This is a major step in Armour design. Introduced around Tech level 7. This is a composite metal-ceramic armour/hull. This armour is similar in concept to spaced armour (where a second layer of hard steel is installed at a distance from the main armour).
Composite armour is a type of vehicle armour consisting of layers of different material such as metals, plastics, ceramics or air. Most composite armours are lighter than their all-metal equivalent, but instead occupy a larger volume for the same resistance to penetration. It is possible to design composite armour stronger, lighter and less voluminous than traditional armour, but the cost is often prohibitively high, restricting its use to especially vulnerable parts of a vehicle.
The most common type of composite armour is Chobham armour. Chobham sandwiches a layer of ceramic between two plates of steel armour, which was shown to dramatically increase the resistance to high explosive anti-tank (HEAT) rounds. HEAT had posed a serious threat to armoured vehicles. Fabrication of the ceramic in large tiles gives vehicles a "slab sided" look.
High speed photography shows that the ceramic material shatters as the HEAT round penetrates, blowing up to a huge volume which then expands back out the hole and pushes the metal jet of the HEAT with it.
Other versions have glass reinforced plastic sandwiched between inner and outer steel layers. Through a mechanism called thixotropy, the resin changes to a fluid under constant pressure, allowing the armour to be moulded into curved shapes. A boron carbide-filled resin aggregate provides greatly improved protection. Ceramic armour is significantly less effective against a kinetic energy penetrator, so sometimes depleted uranium layers are added to provide extra protection against these warheads. The deeper interior heavy metal layer is a sometimes cast aluminium slab with rods of tungsten (encased in titanium) or depleted uranium running perpendicularly through it, intended to cause the points of high-velocity long-rod penetrator armour-piercing projectiles to deform, which sometimes causes the projectile to tip and strike the armour at an angle, presenting far greater surface area to the armour and therefore greatly increasing the resistance.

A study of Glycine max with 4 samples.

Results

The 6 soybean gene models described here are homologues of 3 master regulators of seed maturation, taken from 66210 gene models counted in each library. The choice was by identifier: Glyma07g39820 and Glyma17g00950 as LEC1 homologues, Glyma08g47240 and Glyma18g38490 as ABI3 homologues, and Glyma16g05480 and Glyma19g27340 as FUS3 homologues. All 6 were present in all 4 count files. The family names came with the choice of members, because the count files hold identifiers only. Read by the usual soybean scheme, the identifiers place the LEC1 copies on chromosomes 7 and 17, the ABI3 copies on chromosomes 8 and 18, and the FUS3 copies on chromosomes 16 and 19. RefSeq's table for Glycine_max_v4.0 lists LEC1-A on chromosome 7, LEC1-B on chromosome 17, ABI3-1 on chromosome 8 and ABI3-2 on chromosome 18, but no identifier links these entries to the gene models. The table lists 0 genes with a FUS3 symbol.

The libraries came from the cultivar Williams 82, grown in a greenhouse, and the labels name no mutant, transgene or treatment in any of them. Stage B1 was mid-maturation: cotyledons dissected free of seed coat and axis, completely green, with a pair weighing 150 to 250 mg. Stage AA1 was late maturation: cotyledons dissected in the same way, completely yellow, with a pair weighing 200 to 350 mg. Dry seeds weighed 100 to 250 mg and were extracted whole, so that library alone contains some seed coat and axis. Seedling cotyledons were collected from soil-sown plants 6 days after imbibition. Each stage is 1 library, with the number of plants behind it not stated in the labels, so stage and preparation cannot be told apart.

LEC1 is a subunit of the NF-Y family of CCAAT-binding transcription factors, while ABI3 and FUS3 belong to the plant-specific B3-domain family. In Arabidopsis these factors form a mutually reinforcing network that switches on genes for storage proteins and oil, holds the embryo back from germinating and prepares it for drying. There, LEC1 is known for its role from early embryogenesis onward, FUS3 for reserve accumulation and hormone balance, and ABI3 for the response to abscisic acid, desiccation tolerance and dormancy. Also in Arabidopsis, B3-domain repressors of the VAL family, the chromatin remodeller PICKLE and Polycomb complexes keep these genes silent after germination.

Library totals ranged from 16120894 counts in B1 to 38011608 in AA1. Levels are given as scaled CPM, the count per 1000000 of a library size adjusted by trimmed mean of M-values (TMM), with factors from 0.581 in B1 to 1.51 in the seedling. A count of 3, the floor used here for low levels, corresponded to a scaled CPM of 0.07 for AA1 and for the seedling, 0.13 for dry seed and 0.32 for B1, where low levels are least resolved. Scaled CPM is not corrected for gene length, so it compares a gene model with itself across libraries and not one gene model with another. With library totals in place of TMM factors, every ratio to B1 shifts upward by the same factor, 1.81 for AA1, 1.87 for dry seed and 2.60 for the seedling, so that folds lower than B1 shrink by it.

Explosive reactive armour, uses layers of high explosive sandwiched between steel plates. When a shaped-charge warhead hits, the explosive detonates and pushes the steel plates into the warhead, disrupting the flow of the charge's liquid metal penetrator (usually copper at around 500 degrees; it can be made to flow like water by sufficiently immense pressure). It is less effective against kinetic penetrators. Reactive armour poses a threat to friendly troops in the area of the vehicle. Non-explosive reactive armour is an advanced sort of spaced armour, using the changing geometry of materials under stress to increase its protection.